At the turn of the 20th century, Leopold Blaschka and his son, Rudolf, developed a successful business producing glass models of soft-bodied undersea creatures – marine invertebrates. Carefully crafted in their studio in Dresden, Germany, these models were shipped to universities and museums worldwide as study models. When Cornell University acquired its teaching collection in 1885, the Blaschka models could be purchased in North America from Ward’s Natural Science Establishment in Rochester, New York. By 1888, this father and son team offered 700 models that, according to Leopold Blaschka himself, were “universally acknowledged as being perfectly true to nature.”
Now, the exhibition Fragile Legacy presents the marine invertebrate models of Leopold and Rudolf Blaschka within the context of both marine life and glass conservation. The displayed glass objects tell the story of the history of the Blaschka family, the interest in marine life and dissemination of knowledge in 19th-century Europe, the techniques and methods of creating these beautiful glass models, and finally, the story of the objects themselves as an art form.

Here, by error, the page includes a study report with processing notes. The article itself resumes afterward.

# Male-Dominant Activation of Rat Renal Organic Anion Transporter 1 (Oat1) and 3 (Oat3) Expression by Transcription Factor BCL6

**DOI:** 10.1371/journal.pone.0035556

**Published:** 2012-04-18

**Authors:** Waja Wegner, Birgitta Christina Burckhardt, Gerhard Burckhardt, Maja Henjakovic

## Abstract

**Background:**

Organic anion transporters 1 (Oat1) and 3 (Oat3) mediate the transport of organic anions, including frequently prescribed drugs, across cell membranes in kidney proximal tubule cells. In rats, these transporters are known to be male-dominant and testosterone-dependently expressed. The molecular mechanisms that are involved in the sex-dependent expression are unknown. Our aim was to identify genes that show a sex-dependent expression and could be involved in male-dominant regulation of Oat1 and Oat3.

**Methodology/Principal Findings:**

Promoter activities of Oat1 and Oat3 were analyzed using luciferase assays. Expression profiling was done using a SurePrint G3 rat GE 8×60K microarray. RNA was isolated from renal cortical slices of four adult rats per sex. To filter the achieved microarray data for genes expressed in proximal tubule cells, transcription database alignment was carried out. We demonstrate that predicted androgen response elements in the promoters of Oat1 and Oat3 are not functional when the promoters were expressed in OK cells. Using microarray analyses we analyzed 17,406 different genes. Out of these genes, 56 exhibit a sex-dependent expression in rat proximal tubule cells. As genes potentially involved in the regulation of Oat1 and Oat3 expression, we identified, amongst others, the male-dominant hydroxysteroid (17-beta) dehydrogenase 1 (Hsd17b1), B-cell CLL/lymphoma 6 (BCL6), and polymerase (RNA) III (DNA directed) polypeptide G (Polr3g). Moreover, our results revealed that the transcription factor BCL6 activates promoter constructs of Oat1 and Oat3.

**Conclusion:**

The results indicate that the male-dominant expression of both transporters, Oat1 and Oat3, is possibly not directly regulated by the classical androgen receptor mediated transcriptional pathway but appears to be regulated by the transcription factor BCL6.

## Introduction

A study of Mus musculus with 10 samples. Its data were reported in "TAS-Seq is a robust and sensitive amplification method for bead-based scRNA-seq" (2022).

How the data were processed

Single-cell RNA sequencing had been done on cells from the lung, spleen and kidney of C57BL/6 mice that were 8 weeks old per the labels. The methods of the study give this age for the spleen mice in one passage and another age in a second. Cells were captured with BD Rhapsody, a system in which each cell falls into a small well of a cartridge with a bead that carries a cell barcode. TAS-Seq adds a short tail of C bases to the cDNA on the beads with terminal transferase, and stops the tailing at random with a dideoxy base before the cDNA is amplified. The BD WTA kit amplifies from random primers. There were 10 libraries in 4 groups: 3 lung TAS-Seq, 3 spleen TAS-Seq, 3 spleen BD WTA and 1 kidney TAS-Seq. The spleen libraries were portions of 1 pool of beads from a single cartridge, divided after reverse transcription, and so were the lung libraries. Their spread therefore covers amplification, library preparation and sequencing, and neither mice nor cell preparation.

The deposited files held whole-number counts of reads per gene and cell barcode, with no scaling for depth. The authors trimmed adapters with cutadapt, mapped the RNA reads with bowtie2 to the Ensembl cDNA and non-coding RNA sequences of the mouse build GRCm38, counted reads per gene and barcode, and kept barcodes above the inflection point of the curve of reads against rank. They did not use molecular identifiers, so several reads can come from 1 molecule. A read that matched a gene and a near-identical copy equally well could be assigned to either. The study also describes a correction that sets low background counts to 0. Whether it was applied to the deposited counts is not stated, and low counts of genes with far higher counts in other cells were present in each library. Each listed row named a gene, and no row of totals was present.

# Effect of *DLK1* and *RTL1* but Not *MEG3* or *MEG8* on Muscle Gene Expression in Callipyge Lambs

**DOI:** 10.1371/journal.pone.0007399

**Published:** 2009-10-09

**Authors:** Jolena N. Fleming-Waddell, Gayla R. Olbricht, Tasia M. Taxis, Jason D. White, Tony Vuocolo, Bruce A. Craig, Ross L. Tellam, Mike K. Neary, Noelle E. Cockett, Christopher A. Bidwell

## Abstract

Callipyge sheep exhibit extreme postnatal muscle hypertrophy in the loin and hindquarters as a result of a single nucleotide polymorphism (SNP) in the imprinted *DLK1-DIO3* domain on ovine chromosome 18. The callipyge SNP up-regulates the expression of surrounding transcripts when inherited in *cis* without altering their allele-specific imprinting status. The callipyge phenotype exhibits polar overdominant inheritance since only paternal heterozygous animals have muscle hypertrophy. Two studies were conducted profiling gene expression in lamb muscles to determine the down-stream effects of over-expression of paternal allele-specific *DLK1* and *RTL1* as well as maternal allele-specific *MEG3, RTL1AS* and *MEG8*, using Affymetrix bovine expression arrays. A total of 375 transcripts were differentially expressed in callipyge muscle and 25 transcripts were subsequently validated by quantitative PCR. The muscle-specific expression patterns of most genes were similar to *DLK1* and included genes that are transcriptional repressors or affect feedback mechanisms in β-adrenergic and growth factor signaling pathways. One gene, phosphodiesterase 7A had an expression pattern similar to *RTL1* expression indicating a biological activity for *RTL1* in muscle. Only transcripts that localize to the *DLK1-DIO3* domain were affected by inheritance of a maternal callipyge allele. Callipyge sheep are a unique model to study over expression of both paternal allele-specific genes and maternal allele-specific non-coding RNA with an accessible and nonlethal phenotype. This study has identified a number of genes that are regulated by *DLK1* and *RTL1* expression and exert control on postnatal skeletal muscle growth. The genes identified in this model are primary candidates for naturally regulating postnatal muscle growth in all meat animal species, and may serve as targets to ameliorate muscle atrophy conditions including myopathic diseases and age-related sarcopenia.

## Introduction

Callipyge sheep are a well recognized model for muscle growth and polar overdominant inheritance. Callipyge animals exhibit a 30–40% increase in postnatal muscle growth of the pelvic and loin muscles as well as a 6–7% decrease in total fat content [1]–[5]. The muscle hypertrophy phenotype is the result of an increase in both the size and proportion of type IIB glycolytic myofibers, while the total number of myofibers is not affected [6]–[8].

Researchers at Cornell are using the collection as a time capsule for seeking out and documenting the creatures still living in our oceans today. “If ever there was a time to compare the plentiful past with an ocean in jeopardy, that time would be now,” says Drew Harvell, Associate Director of Environment at the Atkinson Center for a Sustainable Future at Cornell, and curator of the Cornell Collection of Blaschka Invertebrate Models. “We hope to find out whether they are surviving in the sea as magnificently as they do in glass.” To capture this, Harvell has partnered with filmmaker David Owen Brown. Brown’s documentary film, Fragile Legacy, employs Cornell’s Blaschka collection to highlight the need for the conservation of the world’s oceans.
Crystal Sarakas spoke with curator Alexandra Ruggiero about the exhibition.
Fragile Legacy: The Marine Invertebrate Glass Models of Leopold and Rudolf Blashka is on display until January 8, 2017 at the Corning Museum of Glass.